The lack of care coordination from their providers is a universal complaint of older patients, according to a survey of 1,000 adults aged 65 and up.
The survey, from the John A. Hartford Foundation, a New York-based nonprofit organization focused on the geriatric patient population, found that just 27 percent of older adults surveyed are receiving the kind of coordinated care services seen in a patient-centered medical home. The desire for these types of services is strong as 61 percent say they believe team care would improve their health, and 73 percent say they would want this type of care.
More specifically, 84 percent of survey respondents say they would want their provider to call them to follow up after a hospital stay or emergency room visit, and 67 percent say that such coordination would improve their health. Less than half (46 percent) say their current non-team care practice would do this for them.
Access to the electronic health record (EHR) is also a problem for many of these older patients, as only 38 percent say they can see their medical records or test results online or through email. Of those that do have that access, only one-in-three (36 percent) say it has improved their health.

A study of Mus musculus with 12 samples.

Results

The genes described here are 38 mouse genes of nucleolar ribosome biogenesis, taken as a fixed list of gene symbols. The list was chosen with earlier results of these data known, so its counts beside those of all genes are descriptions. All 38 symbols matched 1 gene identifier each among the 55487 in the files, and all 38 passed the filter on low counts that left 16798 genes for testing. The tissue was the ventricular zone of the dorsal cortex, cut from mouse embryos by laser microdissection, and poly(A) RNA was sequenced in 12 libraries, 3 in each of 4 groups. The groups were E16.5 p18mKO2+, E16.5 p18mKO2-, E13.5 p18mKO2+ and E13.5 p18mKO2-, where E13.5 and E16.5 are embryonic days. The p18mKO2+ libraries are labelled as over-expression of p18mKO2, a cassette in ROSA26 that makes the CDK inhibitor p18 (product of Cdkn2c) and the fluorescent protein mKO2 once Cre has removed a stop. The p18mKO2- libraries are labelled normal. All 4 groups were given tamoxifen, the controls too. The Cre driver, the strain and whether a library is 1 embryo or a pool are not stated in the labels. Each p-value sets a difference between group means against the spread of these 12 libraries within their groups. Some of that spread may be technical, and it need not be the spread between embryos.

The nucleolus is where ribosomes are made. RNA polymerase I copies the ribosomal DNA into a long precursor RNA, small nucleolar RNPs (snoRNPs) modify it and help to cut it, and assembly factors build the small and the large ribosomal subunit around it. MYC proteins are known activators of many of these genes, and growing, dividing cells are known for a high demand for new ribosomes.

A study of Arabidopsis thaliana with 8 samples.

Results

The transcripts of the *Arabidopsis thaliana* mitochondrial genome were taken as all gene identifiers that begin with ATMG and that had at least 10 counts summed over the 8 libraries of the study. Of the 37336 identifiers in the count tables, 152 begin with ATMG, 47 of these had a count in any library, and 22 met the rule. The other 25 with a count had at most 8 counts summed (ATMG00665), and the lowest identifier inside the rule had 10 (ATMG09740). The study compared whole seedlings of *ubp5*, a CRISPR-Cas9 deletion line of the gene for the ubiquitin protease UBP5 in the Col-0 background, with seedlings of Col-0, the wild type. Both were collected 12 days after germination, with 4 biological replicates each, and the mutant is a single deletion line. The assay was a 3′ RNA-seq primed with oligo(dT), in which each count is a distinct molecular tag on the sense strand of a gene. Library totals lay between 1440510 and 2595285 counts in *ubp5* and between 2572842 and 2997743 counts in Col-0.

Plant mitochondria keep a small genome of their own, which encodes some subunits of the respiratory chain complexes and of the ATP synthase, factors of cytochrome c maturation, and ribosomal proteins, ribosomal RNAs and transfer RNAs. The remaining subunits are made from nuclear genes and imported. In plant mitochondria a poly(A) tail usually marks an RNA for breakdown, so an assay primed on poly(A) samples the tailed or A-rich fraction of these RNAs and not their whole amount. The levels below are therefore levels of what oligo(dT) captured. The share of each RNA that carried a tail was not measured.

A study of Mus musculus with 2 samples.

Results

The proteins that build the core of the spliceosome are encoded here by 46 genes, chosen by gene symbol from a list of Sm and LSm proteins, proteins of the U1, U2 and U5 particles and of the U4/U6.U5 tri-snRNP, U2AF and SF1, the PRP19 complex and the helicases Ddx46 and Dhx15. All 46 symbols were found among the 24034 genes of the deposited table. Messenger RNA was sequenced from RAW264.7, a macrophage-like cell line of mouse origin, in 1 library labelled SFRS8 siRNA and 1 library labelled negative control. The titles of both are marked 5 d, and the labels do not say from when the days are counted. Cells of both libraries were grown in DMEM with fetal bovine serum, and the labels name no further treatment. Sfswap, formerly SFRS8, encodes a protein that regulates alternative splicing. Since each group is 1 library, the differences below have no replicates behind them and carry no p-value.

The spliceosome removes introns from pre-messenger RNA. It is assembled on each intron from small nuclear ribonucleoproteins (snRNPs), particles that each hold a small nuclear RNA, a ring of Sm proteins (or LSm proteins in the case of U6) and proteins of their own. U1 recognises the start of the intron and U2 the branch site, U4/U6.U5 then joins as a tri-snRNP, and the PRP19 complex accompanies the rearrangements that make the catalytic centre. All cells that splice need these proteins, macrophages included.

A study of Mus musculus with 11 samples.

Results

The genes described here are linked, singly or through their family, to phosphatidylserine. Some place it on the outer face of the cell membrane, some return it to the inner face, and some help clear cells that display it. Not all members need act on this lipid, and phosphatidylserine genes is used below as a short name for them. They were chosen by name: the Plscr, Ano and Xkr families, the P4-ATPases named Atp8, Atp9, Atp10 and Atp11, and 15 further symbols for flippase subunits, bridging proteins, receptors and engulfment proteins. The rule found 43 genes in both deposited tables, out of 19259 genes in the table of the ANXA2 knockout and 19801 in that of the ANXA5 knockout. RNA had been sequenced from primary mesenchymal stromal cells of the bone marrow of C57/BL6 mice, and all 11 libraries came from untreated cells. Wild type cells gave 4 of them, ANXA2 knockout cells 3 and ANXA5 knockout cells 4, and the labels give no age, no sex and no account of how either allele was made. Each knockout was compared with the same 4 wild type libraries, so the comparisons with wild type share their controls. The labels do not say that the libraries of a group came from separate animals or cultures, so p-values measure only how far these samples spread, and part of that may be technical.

"Interestingly, patients want and benefit from a number of services made possible or easier by electronic health records -- reminders, extensive care coordination, tailored care management -- but only 36 percent note that the EHR helps improve their care. The focus should be on what the EHR and related systems do and how they are used, not just the fact that one exists," states David Dorr, M.D., Associate Professor and Vice Chair of Medical Informatics and Clinical Epidemiology at Oregon Health & Science University. Dr. Dorr is a co-creator of a medical home model for older patients.
One of the other struggles of coordinated care, the report found, was access to services. According to findings of the survey, only half of those surveyed say they can get a same-day appointment when they need it. Of those who do receive it, 78 percent say such expanded access to primary care say it has made a difference in improving their health.
There was similar low numbers for patients having received a formal plan of care (14 percent), a written list of their medications after a visit (48 percent), and reminders from their practice on when they need preventive care services (42 percent).